Fanfare, controversy swirls around US-born Chinese skier Eileen Gu on eve of Olympics debut

Eileen Gu switched teams to represent China in 2019 after years of competing for the US. PHOTO: REUTERS

BEIJING (REUTERS) - United States-born Chinese skier Eileen Gu's highly-anticipated Winter Olympics sporting debut has attracted a surge of praise and attention from Chinese fans and state media but also fresh uncomfortable questions in the country over her nationality.

The 18-year-old fashion model and incoming Stanford University student has since early on been considered Team China's best known winter athlete.

Still, the fanfare around Gu has intensified since she arrived in Beijing in late January thanks to a mix of local media coverage and her own savvy social media use.

"Freestyle ski star Gu Ailing a super idol among Chinese young people for representing true spirit of sport," nationalist tabloid Global Times wrote in a headline on Thursday which referred to her Chinese name.

Gu, who first competed for China aged 15 and is a favourite to win Olympic gold, is competing in three freestyle disciplines at the Games - halfpipe, Big Air and slopestyle.

Her first event is scheduled to be the women's freeski Big Air qualifying session on Monday (Feb 7).

Gu's front row spot in the Chinese athletes delegation at the opening ceremony to her choice of a dumpling meal when she arrived in Beijing are among Gu-related topics that have trended heavily on Chinese social media in recent weeks.

Her following on China's Weibo platform has ballooned by hundreds of thousands to 1.7 million users in a month.

Chinese media have also focused on her fluent Mandarin, Eurasian features - Gu was born to a Chinese mother and American father - proud embrace of Chinese culture and academic prowess as reasons for her popularity with China's public.

"Add oil, big sister!," said one of close to 5,000 comments left on her latest post about her appearance at the opening ceremony on Xiaohongshu, a Chinese social media app resembling Instagram. "We're watching the Olympics for you!" said another.

Some controversy

The buzz around Gu has not been without controversy, however, particularly over her decision in 2019 to switch teams and represent China after years of competing for the United States, where she was born and raised.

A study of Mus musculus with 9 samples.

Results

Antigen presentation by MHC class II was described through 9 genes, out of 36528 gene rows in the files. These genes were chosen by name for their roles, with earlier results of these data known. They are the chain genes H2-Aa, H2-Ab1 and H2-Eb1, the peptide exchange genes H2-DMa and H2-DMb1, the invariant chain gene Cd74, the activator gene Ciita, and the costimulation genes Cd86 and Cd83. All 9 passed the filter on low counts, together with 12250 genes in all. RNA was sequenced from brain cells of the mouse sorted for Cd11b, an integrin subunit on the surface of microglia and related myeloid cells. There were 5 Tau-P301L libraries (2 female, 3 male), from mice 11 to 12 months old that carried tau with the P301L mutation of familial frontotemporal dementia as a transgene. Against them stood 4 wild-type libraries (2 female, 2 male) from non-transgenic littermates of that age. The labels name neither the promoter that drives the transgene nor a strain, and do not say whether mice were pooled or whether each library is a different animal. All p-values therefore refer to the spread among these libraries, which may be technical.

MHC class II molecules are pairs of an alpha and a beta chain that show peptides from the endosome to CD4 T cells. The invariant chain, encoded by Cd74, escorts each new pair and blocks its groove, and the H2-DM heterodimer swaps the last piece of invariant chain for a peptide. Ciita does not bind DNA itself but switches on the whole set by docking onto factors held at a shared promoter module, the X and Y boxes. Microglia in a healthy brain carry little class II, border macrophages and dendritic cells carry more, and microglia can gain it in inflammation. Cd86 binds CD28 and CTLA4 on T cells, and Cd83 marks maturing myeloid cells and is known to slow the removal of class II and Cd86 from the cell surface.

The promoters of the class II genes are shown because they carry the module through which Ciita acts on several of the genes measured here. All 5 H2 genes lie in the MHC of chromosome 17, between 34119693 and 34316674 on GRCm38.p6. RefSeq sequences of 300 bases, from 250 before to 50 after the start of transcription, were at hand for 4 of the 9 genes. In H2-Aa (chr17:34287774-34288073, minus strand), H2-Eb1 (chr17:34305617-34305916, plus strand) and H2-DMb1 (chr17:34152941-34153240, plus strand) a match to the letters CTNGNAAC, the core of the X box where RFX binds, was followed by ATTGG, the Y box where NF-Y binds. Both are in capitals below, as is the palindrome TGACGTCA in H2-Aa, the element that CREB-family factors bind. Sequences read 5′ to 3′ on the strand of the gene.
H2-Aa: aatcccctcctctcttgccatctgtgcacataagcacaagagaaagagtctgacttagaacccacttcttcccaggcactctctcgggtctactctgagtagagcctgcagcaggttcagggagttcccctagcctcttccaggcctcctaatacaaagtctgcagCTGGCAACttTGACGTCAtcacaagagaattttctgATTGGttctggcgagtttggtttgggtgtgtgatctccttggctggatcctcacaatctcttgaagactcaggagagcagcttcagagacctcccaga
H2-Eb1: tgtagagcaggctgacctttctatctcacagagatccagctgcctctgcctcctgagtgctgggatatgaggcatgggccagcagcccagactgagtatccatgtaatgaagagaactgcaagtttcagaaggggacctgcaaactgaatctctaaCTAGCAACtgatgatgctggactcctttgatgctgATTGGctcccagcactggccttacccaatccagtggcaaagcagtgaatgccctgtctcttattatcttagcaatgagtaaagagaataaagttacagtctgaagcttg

On Wednesday, Fox News host Tucker Carlson called Gu's decision "dumb" and said it deserved "collective revulsion" from the American public.

But while local Chinese media have shied away from the subject, the spotlight on Gu has prompted Chinese social media users to question if she gave up US citizenship to represent China at Beijing 2022. China does not allow dual nationality.

The hashtag "Gu Ailing's nationality" saw a sudden surge of interest from Feb 2 to 4 on Weibo, racking up hundreds of thousands of views.

Eileen Gu celebrates after placing first in the Women's Freeski Halfpipe competition at the Toyota US Grand Prix in California on Jan 8, 2022. PHOTO: AFP

"Most British-Chinese keep their PRC (People's Republic of China) passports, but they are very careful and scared of being caught because their (PRC) passports would be cut up... The dignity of the law compared to Winter Olympic gold, which is more precious?" wrote user Tomson.

But many of Gu's fans have defended her.

"Who cares whether she is a dual national or not!," wrote user mynameisliuxiaohun. "Regardless she is coming out to represent China, she is carrying the Chinese flag! The glory she gets is China's, who else? Isn't this good?"

Mr Tom Yaps, Gu's sports agent, said the skier was not available for interviews due to her busy competition schedule.

He did not respond to questions sent by Reuters.

Too much hype?

Such has been the hype surrounding Gu that many of her Chinese fans have begun to pre-emptively call for understanding should the teenager underperform.

"To every person worshipping her, if the result after the competition does not meet your expectations I hope you won't turn around and attack her," wrote user hundengdu, attaching the hashtag "Gu Ailing's first performance", which had already accrued over 250 million views on Sunday.

The anxiety on Weibo has also been driven by US-born Chinese figure skater Zhu Yi's last-place performance on Sunday, where she tumbled to the ice on her first combination.

While many rejected the comparison, pointing to Gu's record of gold medals, including world titles, others expressed concern about what the outpouring of criticism towards Zhu meant for Gu.

"These trashy people attacking Zhu Yi are actually increasing the emotional burden on Gu Ailing, I hope Zhu Yi and Gu Ailing do not look at their phones in these next two days and focus on the competition," user Liu Jiayi wrote.